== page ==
Sin tax law on e-cigarettes ‘will save youths’

Sheila Crisostomo - The Philippine Star
Sin tax law on e-cigarettes âwill save youthsâ

MANILA, Philippines — Advocacy groups Health Justice  Philippines (HJP) and WomanHealth are looking forward to the strict implementation of the sin tax law on electronic cigarettes (e-cigarettes), saying it will save many young Filipinos from the harmful effects of vaping products.

In a joint statement, the two groups noted that the enactment of Republic Act 11467 is a “score for public health” because the law also raises the “legal access” to vaping products from 18 to 21 years old.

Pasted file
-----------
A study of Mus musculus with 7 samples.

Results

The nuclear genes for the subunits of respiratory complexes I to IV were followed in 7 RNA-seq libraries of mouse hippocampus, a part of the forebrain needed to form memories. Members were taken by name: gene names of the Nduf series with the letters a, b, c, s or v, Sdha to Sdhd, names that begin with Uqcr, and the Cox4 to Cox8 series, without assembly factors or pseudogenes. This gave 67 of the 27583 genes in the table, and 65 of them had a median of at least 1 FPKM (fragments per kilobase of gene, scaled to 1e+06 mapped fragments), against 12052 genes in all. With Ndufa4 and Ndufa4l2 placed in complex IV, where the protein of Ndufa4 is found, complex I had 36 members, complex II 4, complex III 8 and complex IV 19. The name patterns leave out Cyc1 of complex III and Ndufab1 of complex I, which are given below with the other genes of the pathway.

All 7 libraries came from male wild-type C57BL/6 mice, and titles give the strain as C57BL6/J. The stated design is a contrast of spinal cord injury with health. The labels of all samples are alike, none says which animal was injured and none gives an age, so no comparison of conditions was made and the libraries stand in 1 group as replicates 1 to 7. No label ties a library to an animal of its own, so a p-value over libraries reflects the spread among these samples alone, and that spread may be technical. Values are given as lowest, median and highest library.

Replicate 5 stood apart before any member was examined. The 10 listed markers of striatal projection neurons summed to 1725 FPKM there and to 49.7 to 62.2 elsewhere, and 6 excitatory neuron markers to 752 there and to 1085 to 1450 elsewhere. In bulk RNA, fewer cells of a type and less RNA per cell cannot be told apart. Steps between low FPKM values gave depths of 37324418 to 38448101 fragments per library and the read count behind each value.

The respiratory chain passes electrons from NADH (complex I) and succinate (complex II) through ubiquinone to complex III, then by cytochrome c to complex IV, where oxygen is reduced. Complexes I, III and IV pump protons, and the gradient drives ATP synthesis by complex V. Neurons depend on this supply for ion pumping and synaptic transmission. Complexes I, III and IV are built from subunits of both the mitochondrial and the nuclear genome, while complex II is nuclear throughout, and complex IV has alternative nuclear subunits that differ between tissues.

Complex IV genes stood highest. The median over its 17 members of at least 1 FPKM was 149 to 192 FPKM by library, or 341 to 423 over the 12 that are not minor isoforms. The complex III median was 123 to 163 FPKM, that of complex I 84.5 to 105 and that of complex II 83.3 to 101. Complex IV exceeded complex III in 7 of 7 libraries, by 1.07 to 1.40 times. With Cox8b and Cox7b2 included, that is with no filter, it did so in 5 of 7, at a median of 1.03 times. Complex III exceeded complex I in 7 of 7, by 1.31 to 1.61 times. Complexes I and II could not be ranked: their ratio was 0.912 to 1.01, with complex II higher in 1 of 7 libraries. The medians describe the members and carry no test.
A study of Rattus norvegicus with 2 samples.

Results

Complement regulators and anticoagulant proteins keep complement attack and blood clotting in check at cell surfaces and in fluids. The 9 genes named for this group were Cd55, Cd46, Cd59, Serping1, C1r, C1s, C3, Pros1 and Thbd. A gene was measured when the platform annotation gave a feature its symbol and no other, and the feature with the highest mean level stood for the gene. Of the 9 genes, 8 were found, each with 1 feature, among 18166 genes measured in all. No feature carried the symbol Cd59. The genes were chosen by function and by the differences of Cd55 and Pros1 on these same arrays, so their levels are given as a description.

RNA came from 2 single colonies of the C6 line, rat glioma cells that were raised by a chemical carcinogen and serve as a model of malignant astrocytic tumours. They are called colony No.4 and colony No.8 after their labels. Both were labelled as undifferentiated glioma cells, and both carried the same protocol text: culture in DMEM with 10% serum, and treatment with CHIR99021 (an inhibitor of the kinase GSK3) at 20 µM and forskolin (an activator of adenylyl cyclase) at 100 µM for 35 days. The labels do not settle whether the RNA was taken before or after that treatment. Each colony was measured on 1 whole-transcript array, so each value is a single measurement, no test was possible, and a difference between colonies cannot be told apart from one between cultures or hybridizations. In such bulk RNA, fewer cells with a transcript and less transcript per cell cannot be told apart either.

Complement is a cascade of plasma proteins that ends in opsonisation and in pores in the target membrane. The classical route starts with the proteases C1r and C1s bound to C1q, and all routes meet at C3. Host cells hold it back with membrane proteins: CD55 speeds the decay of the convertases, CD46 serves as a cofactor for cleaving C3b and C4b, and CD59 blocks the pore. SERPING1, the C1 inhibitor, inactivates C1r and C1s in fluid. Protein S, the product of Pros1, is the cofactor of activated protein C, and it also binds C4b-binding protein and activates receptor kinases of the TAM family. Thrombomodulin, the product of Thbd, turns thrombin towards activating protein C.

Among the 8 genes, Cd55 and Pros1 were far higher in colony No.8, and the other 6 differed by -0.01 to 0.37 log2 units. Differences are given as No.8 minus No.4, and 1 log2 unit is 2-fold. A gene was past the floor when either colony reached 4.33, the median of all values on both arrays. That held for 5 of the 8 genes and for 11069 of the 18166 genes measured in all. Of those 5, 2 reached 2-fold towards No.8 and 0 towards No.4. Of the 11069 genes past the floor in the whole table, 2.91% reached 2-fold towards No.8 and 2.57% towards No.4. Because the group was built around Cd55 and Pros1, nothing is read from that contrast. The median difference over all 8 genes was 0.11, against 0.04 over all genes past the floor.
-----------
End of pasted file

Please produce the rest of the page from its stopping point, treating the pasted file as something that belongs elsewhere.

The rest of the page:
“This is a step closer to saving our children from this new form of harmful nicotine addiction,” claimed Ana Maria Nemenzo of WomanHealth. 

Nemenzo  added the Department of Health should “further intensify its information drive on the ill effects of the use of e-cigarettes and heated tobacco products to properly warn Filipinos from experimenting on these hazardous products.” 

As of Jan. 14, 2,668 hospitalized cases of e-cigarette or vaping product use-associated lung injury – also known as EVALI – were reported to the United States’ Centers for Disease Control and Prevention. Of that number, 60 deaths were recorded.

According to HJP legal consultant Benedict Nisperos, President Duterte’s having signed the law last week was consistent with his pronouncement to ban vape use in public places because of its harmful effects on health. 

Based on the 2018 National Nutrition Survey, 20 percent of e-cigarette users in the Philippines are aged 10 to 19 years. This is three times higher than the proportion of youths smoking traditional cigarettes.